Individual Author Record
Name: Dmitry SamarovPen Name: None Genre: Non-Fiction Born: 1970 in Moscow, USSR Sites:
Illinois ConnectionDmitry has been a cab driver in Chicago for almost 20 years.
Biographical and Professional InformationBorn in the Soviet Union, Samarov moved to the United States in 1978. He studied painting and printmaking at the School of the Art Institute of Chicago, and has shown his work with the Chicago Tourism Center, the Bowery Gallery and Brandeis University. Samarov began blogging about his experiences as a cab driver in 2007, posting his prints and prose at chicagohack.com, an effort that culminated in the release of “Hack: Stories From a Chicago Cab” in October of last year. Samarov no longer drives a cab.
- Hack: Stories from a Chicago Cab , University of Chicago Press, 2011
Titles At Your Library
Hack: Stories from a Chicago Cab (Chicago Visions and Revisions)
ISBN: 0226734730 University of Chicago Press. 2011
Cabdrivers and their yellow taxis are as much a part of the cityscape as the high-rise buildings and the subway. We hail them without thought after a wearying day at the office or an exuberant night on the town. And, undoubtedly, taxi drivers have stories to tell—of farcical local politics, of colorful passengers, of changing neighborhoods and clandestine shortcuts. No one knows a city’s streets—and thus its heart—better than its cabdrivers. And from behind the wheel of his taxi, Dmitry Samarov has seen more of Chicago than most Chicagoans will hope to experience in a lifetime.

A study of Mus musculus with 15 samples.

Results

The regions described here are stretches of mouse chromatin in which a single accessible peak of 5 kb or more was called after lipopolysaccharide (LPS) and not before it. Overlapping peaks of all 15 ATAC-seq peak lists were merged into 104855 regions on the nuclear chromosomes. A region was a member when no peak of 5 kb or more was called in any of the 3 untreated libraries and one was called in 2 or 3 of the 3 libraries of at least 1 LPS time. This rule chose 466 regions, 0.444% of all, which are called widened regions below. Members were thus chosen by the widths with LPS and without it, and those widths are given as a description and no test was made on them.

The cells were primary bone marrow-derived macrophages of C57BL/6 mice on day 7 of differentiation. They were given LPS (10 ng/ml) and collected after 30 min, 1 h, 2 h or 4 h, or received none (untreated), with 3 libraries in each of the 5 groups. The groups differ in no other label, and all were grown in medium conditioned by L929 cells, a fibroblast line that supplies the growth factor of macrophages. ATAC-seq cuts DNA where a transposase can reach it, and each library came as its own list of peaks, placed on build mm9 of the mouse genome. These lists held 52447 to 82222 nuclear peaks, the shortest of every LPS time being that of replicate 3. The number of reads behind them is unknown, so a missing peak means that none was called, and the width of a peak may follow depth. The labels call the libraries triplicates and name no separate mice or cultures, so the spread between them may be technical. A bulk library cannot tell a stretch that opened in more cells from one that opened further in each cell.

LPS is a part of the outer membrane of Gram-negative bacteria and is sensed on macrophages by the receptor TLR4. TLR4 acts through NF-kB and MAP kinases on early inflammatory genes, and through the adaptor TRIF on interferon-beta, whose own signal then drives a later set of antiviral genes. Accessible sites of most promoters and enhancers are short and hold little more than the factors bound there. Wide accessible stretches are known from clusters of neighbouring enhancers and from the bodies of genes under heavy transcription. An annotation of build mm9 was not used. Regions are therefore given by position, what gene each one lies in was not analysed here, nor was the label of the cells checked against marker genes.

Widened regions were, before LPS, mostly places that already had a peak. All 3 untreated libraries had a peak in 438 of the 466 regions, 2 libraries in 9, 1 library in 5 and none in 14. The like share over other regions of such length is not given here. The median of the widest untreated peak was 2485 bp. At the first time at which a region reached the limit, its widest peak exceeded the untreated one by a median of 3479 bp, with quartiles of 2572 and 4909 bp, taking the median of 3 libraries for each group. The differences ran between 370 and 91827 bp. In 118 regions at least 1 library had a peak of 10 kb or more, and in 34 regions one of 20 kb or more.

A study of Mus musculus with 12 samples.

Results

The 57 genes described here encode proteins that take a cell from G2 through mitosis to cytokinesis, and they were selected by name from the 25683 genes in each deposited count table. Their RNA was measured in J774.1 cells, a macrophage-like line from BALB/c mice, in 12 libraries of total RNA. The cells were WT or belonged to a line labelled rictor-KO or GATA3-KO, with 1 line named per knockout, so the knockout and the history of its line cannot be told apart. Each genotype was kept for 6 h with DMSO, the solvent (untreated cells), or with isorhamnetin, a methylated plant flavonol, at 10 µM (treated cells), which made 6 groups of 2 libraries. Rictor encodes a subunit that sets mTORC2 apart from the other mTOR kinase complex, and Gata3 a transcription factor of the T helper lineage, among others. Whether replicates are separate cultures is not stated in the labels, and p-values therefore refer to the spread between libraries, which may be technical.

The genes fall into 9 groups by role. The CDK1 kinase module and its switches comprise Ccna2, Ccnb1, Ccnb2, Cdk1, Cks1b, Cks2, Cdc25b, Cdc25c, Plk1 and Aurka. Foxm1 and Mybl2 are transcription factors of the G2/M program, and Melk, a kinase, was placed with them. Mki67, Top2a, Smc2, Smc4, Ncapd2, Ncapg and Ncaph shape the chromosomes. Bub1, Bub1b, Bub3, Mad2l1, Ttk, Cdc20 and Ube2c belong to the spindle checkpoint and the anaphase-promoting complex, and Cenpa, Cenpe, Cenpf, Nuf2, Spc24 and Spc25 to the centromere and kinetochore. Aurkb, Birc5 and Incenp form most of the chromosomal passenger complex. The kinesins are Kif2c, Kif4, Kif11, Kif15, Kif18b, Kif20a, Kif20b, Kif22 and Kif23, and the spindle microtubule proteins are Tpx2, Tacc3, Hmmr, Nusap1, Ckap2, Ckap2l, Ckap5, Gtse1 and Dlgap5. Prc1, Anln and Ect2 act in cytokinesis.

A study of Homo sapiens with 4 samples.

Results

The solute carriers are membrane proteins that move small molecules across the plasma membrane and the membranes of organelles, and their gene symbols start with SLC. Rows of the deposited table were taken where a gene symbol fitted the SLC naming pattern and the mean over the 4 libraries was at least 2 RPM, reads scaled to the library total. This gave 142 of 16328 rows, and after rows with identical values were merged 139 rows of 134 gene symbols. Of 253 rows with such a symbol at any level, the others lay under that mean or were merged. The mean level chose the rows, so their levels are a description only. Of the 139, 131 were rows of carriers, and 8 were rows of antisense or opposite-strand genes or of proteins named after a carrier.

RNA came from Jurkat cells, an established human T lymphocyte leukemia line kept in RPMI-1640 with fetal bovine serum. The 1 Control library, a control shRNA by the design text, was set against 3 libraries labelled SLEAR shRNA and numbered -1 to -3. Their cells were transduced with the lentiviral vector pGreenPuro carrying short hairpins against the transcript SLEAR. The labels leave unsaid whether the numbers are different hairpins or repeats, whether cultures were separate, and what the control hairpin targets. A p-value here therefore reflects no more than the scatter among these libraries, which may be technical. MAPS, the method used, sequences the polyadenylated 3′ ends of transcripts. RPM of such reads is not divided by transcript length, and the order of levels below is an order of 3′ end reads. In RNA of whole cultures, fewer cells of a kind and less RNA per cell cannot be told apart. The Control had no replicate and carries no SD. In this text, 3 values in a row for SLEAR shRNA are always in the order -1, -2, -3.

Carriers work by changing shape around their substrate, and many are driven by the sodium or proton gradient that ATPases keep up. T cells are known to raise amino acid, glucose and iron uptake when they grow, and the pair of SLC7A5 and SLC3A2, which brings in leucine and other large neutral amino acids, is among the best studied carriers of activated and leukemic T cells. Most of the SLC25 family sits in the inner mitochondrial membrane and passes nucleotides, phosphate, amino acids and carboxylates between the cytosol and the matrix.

An artist and painter trained at the School of the Art Institute of Chicago, Samarov began driving a cab in 1993 to make ends meet, and he’s been working as a taxi driver ever since. In Hack: Stories from a Chicago Cab, he recounts tales that will delight, surprise, and sometimes shock the most seasoned urbanite. We follow Samarov through the rhythms of a typical week, as he waits hours at the garage to pick up a shift, ferries comically drunken passengers between bars, delivers prostitutes to their johns, and inadvertently observes drug deals. There are long waits with other cabbies at O’Hare, vivid portraits of street corners and their regular denizens, amorous Cubs fans celebrating after a game at Wrigley Field, and customers who are pleasantly surprised that Samarov is white—and tell him so. Throughout, Samarov’s own drawings—of his fares, of the taxi garage, and of a variety of Chicago street scenes—accompany his stories. In the grand tradition of Nelson Algren, Saul Bellow, Mike Royko, and Studs Terkel, Dmitry Samarov has rendered an entertaining, poignant, and unforgettable vision of Chicago and its people.